Diet–microbiota interactions in inflammatory bowel disease
Accumulating evidence suggests that the gut microbiota plays pivotal roles in the regulation of intestinal homeostasis and IBD pathogenesis.
Inflammatory bowel disease (IBD), which includes ulcerative colitis (UC) and Crohn’s disease (CD), is a chronic and relapsing inflammatory disorder of the gastrointestinal tract. The prevalence of IBD has been increasing worldwide, affecting about 3 million people in the United States and 2.5 million people in Europe.
Although the precise etiology of IBD has not yet been defined, it is widely accepted that the confluence of multiple factors, including genetic and environmental factors, is associated with its pathogenesis.
Genetic studies have identified over 200 host genetic loci associated with the risk of IBD, and mostly related to immunological pathways, including innate and adaptive immune responses and autophagy.
The prevalence of IBD is high in Western countries; however, the rates of IBD are also rising in many newly industrialised countries as they become more westernised. For example, the number of IBD patients has increased approximately 20-fold in the past 30 years in Japan. This exponential increase suggests that environmental exposures also play critical roles in the development of IBD.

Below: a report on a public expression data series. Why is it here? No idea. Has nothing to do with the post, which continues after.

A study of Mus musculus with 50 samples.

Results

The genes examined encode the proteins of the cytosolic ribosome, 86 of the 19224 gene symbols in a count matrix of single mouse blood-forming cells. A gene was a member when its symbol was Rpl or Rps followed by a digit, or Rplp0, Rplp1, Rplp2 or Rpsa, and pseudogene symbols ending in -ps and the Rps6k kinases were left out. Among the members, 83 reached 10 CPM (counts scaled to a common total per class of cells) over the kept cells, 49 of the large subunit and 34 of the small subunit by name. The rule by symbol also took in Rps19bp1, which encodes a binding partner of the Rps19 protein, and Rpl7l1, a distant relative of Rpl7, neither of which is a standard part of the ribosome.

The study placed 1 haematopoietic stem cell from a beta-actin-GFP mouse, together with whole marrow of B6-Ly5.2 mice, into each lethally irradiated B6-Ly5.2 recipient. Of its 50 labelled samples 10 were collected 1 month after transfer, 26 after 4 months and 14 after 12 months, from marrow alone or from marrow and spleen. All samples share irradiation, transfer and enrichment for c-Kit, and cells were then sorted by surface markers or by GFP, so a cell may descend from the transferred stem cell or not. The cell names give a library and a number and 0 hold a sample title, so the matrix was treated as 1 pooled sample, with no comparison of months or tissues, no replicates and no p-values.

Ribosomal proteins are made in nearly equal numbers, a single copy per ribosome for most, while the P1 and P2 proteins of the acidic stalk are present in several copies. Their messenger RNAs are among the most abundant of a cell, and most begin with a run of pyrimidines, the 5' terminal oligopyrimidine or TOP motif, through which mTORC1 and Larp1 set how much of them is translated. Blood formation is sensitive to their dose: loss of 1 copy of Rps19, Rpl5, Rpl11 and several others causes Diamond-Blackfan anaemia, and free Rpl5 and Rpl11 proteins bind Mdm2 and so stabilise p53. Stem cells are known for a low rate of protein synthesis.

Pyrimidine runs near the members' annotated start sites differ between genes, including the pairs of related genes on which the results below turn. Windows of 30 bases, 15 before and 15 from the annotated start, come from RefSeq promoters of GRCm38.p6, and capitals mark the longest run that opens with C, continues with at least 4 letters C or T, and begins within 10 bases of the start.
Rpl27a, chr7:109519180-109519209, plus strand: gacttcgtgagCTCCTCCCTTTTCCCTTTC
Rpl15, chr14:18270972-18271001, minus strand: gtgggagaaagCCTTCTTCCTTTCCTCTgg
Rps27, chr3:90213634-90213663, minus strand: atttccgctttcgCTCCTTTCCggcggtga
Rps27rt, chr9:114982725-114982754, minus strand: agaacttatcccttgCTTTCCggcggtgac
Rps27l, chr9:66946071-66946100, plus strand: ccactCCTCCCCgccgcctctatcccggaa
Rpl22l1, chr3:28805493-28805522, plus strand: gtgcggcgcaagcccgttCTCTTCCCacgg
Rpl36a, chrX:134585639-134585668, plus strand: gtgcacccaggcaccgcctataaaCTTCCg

Among environmental factors, diet, smoking, stress, sleep patterns, hygiene, and antibiotic usage are considered to contribute to the risk of IBD. In particular, diet is widely thought to have a pivotal role in the pathogenesis of IBD. It is well-known that diet shapes the composition of the gut microbiota. Gut microbes use diet-derived nutrients for their growth and colonisation in the gut. In contrast, host cells use microbial metabolites as energy sources and immunomodulatory agents to maintain intestinal homeostasis.
This symbiotic relationship between the gut microbiota and the host is crucial for human health. However, the intake of certain diets, such as the westernised diet characterised by high fat and low fibre, results in gut dysbiosis, thereby disrupting intestinal homeostasis and promoting inflammation of the gut. Gut inflammation, in turn, influences the composition and function of the gut microbiota.
In this review, we discuss the complex reciprocal interactions between diet and the gut microbiota in the context of IBD. In particular, we focus on the metabolic reprogramming of host and microbial cells during inflammation and how these metabolic changes may optimise dietary interventions. We also highlight the future direction of microbiota-targeted dietary interventions to develop precision nutrition for the treatment of IBD.